Personal data use in UK referendum


Cambridge Analytica, the data company used by both Leave.EU and Vote Leave during the UK referendum on EU membership, have refused to comment on how they used personal data during the referendum campaign. Indeed, the only public knowledge on their use of data has come from research by individuals.

Will the Commission explore the use of personal data by Cambridge Analytica throughout the campaign, so as to verify that it did not breach EU law?

Furthermore, what proposals is the Commission developing in order to protect personal data and prevent it from being used by such companies to control the outcomes of future elections and referenda?


Directive 95/46/EC [1] on the protection of personal data has been transposed in the national order of the Member States. The Directive applies to processing of personal data by private and public entities. Contrary to competition law area the Commission has no direct power vis-à-vis private operators processing personal data. The Commission as guardian of the Treaties retains its usual power to engage in infringements proceedings against Member States.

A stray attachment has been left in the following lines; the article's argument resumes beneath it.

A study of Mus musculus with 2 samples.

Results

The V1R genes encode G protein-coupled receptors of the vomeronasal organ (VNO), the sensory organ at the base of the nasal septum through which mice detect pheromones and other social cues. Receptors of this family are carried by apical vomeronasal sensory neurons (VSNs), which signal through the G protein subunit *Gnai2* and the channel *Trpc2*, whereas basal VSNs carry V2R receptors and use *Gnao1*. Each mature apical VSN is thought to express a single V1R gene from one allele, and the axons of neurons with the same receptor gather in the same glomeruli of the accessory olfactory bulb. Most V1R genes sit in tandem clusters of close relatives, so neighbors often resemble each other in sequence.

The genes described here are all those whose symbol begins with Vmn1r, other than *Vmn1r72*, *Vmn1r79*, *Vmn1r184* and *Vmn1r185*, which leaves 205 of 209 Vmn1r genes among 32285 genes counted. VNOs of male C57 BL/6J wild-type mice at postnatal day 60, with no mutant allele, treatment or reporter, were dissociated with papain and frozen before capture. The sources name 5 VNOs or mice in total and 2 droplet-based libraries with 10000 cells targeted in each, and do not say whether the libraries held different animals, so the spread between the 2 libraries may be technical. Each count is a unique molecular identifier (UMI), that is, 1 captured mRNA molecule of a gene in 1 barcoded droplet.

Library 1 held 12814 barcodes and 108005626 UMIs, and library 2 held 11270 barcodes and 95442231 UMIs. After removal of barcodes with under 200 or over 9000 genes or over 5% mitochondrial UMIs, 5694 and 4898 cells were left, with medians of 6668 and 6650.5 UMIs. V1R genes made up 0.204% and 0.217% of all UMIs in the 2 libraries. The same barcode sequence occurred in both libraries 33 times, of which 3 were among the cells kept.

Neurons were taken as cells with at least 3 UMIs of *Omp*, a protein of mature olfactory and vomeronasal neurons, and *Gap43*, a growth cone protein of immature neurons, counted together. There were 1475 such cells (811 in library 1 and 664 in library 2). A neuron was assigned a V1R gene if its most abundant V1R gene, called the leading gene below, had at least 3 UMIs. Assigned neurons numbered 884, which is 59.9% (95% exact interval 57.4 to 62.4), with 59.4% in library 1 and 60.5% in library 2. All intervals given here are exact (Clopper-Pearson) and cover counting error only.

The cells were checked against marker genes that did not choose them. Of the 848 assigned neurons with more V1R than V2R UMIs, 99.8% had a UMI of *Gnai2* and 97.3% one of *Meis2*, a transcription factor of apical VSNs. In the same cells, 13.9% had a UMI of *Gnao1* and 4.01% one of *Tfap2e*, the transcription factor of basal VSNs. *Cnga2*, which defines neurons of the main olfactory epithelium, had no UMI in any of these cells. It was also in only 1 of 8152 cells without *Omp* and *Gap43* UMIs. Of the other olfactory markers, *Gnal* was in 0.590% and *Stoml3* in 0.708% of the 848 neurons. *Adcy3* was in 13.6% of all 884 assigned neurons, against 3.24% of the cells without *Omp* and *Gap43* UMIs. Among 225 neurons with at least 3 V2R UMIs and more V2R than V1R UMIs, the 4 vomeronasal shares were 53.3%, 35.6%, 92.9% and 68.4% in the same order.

The national data protection authorities are responsible at national level for monitoring and enforcing the national rules transposing Directive 95/46/EC, including in cases of breaches of data protection provisions. The data protection authorities must act with complete independence in exercising the functions entrusted to them and each such authority must be endowed with investigative powers and with effective powers of intervention. In addition, enforcement of the national rules should also be ensured through national courts.

The EU General Data Protection Regulation (GDPR)[2] essentially updates and modernises the principles already enshrined in the current 1995 Data Protection Directive and it will apply as of 25 May 2018. It focuses on reinforcing individuals’ rights, strengthening the EU internal market, ensuring stronger enforcement of the rules and streamlining international transfers of personal data. The GDPR is the expression of a balanced approach which ensures that data protection rights of individuals are protected whilst ensuring the free flow of data within the EU. Ensuring consistent application of the GDPR and proper familiarisation with the new legal framework is first and foremost the responsibility of the data protection authorities of the Member States.

[1]  Directive 95/46/EC of the European Parliament and of the Council of 24 October 1995 on the protection of individuals with regard to the processing of personal data and on the free movement of such data, OJ L 281 , 23/11/1995, p. 31.

[2] Regulation (EU) 2016/679 of the European Parliament and of the Council of 27 April 2016 on the protection of natural persons with regard to the processing of personal data and on the free movement of such data, and repealing Directive 95/46/EC (General Data Protection Regulation), OJ L 119, 4/5/2016, p. 1.